Date: Wed, 8 Sep 2010 07:47:31 -0400
From: Brad Spengler <spender@...ecurity.net>
To: Sebastian Krahmer <krahmer@...e.de>
Cc: oss-security@...ts.openwall.com, Jon Oberheide <jon@...rheide.org>,
Subject: Re: Re: [Security] Re: /proc
> I agree that distros also have to do some homework there,
> but there are things that we cant just do via init harden scripts.
> Take /proc/pid/stack. Other files like my prefered friend /proc/net/netlink
> gives info that allows exploitation-deluxe if you overwrite your socket destructor.
That's true too -- I was just talking about the ones mentioned in the
original post. /proc/pid/stack goes away when you disable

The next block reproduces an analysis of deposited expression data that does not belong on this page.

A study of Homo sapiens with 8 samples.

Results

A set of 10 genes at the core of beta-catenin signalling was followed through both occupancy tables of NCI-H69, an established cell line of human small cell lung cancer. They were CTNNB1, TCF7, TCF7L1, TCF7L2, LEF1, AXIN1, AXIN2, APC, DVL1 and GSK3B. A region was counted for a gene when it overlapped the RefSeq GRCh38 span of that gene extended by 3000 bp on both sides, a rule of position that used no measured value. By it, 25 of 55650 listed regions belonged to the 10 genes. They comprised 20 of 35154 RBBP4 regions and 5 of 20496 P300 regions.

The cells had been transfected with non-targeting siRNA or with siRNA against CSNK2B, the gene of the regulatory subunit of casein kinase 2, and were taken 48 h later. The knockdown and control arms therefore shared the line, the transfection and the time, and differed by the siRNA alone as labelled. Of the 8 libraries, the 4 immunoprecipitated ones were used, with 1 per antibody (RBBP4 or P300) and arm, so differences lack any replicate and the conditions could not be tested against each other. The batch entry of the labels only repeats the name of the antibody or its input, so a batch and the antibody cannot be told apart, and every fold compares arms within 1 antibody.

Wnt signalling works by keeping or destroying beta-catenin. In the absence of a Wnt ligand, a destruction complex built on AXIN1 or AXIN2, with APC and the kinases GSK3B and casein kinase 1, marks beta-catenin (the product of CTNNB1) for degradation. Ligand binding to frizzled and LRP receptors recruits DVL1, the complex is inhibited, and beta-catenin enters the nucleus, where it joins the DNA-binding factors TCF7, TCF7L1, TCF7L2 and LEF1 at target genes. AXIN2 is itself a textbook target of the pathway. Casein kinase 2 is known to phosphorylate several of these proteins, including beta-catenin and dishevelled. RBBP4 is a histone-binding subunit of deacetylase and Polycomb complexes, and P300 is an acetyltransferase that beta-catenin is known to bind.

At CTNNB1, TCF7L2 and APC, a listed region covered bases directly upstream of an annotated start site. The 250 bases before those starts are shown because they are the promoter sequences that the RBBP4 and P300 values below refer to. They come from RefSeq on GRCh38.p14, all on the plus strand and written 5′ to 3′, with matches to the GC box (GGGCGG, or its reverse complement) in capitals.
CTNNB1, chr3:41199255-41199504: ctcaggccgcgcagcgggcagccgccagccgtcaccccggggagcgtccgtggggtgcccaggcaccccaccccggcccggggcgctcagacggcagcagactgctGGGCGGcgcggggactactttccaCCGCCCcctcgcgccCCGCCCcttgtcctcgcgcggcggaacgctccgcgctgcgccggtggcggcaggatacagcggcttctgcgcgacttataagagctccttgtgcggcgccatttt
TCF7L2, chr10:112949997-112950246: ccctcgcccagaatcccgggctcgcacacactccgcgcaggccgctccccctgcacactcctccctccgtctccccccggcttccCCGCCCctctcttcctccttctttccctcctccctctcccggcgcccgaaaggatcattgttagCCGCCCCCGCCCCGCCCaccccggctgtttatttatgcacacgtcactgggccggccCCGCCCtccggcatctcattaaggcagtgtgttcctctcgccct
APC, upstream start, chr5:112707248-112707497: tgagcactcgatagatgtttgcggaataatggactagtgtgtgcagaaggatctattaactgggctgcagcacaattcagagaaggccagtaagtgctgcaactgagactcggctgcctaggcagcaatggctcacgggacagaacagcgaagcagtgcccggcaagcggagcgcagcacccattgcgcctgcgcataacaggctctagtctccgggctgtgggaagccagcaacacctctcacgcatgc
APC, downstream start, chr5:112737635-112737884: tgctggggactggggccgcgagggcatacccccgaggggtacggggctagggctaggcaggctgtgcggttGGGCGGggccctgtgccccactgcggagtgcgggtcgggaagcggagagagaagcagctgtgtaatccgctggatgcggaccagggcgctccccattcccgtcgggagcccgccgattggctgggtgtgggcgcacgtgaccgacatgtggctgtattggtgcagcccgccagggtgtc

CONFIG_STACKTRACE btw, but the best solution going forward (as a lot of
these and other infoleaks have been added recently through new features)
is this: the internals of the kernel should be a black box to
unprivileged processes. This needs to be considered by the people who
write and approve these new features that push out all kinds of
information via /proc and elsewhere. If it doesn't get considered
before it goes into the kernel, then we have to play this game after the
fact of staying compatible with apps that now depend on that behavior.
> Sure. It was just a proposal since I felt nobody really cared about
> the low hanging fruits. It wont make your system rocket proof but
> it makes some head-scratching for exploit developers which is
> all you need if you make them stuck in doing that.
Be careful about assuming head-scratching -- if something can be worked
around (like in the kallsyms case), it only takes one person. Everyone
else can reuse that work without any head-scratching.